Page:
G. Scott Sparrow, EdD, LPC, LMFT

Counseling and Mentoring Services

Freeing the Mockingbird

I got up at 3 am last night, and went into the den with a cup of hot coffee and sat in the dark. No phone, not laptop, nothing but my own presence and my mug of steaming coffee. I planned to meditate and go back to sleep, hoping for a deep dream. But for a while, I just sat there, feeling the comforting darkness. I thought of how invisible I was to everyone, even to those who love me. They were asleep, unaware of my middle-of-the-night vigil. I thought of all of the people with whom I had some sort of relationship--old friends, students, counseling and flyfishing clients, and Facebook friends. And my thoughts settled on the people who had friended me on Facebook, most of whom I really do not know. I thought of how we share slivers of ourselves with virtual strangers, hoping to connect in some meaningful way, and I marveled at the energy behind this immense effort, which from one standpoint is a rather feeble and pointless effort at relating. What do we really know of each other, anyway? But then I reflected on the dreams that I'd shared recently, and how people came out of the silence to make comment on one or more of them. The dreams provoked a conversation that the mere posting of a quote or a photo had not done.

Mark Blagrove, one of the presenters at the upcoming first Online Dream Research Conference (www.iasdreamresearch.org) will be reporting on an empirical study that supports the idea that sharing dreams differs from ordinary sharing--that something is activated in dream sharing that produces an altogether different level of connection with oneself and others. Similarly, Montague Ullman used to say that he believed that dream sharing had evolved to forge interpersonal connections, to build community in a way that bypassed the barriers and pretense of ego-to-ego exchanges.

As I sat in the darkness, I realized that dream sharing is one road to our salvation; that is, a way to heal the deep divisions between us. I then meditated for half an hour, then went back to sleep and had two dreams, both of which provide additional perspective that dreams may save us from ourselves.

In one, I am with several members of the International Association for the Study of Dreams. We are at a conference, and it seems that we are all shedding our clothing in some kind of ritual. As we strip down to our nakedness, I feel exhilarated. I say, "Now I know what people become nudists!" It was as if we have reached a level of sharing heretofore unachieved. It was deeply fulfilling to be there at home and revealed to my friends.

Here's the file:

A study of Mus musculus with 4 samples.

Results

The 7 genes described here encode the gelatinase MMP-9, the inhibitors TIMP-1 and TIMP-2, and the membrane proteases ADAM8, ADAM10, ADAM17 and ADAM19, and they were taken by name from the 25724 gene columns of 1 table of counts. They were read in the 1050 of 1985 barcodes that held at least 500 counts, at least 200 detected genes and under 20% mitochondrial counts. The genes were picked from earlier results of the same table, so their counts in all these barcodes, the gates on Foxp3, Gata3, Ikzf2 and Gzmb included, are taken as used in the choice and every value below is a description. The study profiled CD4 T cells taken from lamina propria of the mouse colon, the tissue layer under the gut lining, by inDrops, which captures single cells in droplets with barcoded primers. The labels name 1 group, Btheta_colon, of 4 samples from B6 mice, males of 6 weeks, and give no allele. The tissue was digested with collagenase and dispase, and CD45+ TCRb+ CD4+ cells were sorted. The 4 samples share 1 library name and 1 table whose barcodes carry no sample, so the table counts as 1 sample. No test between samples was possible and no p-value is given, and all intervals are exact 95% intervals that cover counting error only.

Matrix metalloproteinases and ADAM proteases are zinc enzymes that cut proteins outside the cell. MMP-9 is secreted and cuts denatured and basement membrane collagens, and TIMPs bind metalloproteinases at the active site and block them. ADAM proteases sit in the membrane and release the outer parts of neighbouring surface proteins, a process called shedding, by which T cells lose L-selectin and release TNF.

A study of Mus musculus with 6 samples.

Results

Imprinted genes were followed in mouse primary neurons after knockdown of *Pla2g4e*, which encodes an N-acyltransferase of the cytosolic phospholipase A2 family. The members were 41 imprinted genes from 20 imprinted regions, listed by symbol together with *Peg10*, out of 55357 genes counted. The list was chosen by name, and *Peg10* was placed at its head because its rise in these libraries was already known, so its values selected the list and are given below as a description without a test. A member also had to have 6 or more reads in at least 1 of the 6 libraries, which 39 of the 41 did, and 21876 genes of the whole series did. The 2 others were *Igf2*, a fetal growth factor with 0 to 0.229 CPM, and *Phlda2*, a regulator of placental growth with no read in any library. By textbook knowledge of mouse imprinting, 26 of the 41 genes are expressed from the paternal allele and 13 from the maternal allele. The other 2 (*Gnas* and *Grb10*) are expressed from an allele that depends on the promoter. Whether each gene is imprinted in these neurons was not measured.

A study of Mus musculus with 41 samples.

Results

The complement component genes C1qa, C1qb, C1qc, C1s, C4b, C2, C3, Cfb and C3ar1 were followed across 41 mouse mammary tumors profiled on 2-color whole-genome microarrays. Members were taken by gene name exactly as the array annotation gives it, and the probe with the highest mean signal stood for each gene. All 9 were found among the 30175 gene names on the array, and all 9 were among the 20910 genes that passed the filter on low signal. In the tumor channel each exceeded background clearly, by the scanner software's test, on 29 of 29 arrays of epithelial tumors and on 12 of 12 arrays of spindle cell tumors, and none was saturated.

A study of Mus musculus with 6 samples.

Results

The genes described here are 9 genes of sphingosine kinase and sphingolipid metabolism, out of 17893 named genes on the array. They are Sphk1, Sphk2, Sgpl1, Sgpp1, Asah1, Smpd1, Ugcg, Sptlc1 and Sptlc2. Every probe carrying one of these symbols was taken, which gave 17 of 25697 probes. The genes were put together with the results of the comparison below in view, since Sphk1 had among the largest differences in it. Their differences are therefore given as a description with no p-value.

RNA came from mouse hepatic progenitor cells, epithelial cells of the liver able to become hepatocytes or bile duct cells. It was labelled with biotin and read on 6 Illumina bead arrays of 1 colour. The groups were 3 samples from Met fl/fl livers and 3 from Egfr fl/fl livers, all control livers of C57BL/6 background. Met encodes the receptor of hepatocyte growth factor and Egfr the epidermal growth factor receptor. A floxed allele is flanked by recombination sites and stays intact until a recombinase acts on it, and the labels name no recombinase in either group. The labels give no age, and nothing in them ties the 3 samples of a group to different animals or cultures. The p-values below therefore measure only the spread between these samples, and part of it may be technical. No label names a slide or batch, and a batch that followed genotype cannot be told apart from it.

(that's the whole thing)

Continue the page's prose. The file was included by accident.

In another, I see a paper plane, with a rectangular fuselage. It has a mocking bird imprisoned within it. The plane can fly, but the bird within it has been imprisoned, and is near death. Its wings are pinned to its body. I begin to carefully dismantle the fuselage, removing a harness from the bird's head and beak, and then lifting its body from a pool of feces and water. I hold up a container of clear water for it to drink from, and it plunges its beak into the clear water and drinks deeply. I know that the bird will survive with some additional care.

Of course, these dreams are about me. But they also provide a metaphorical perspective on what we do to ourselves. We remain closed off, parcelling out slivers of ourselves to virtual strangers without taking the leap of sharing our souls. And we imprison our natural soulfulness inside artificial structures that are supposed to take its place. If we're going to connect deeply, we need a way to reveal natural selves. And if we are going to soar to our destined heights, we must release ourselves from the artificial prisons that have become substitutes for true flight.

But will we be safe in doing so? Certainly there are always risks in sharing who we really are. And who can define what that looks like? I suggest to you that our dreams can be our emissaries of truth, capable of bringing soulfulness into relationship without artifice and pretense. They are shrouded sufficiently in metaphorical language to protect our lives from direct exposure, but they are rooted in our depths sufficiently to circumvent the ego's constant cleverness and aim to impress.

So let's share dreams with strangers and with our friends alike. Doing so could save us from shallow conversations about our differences, and introduce a surprising sense of what unites us.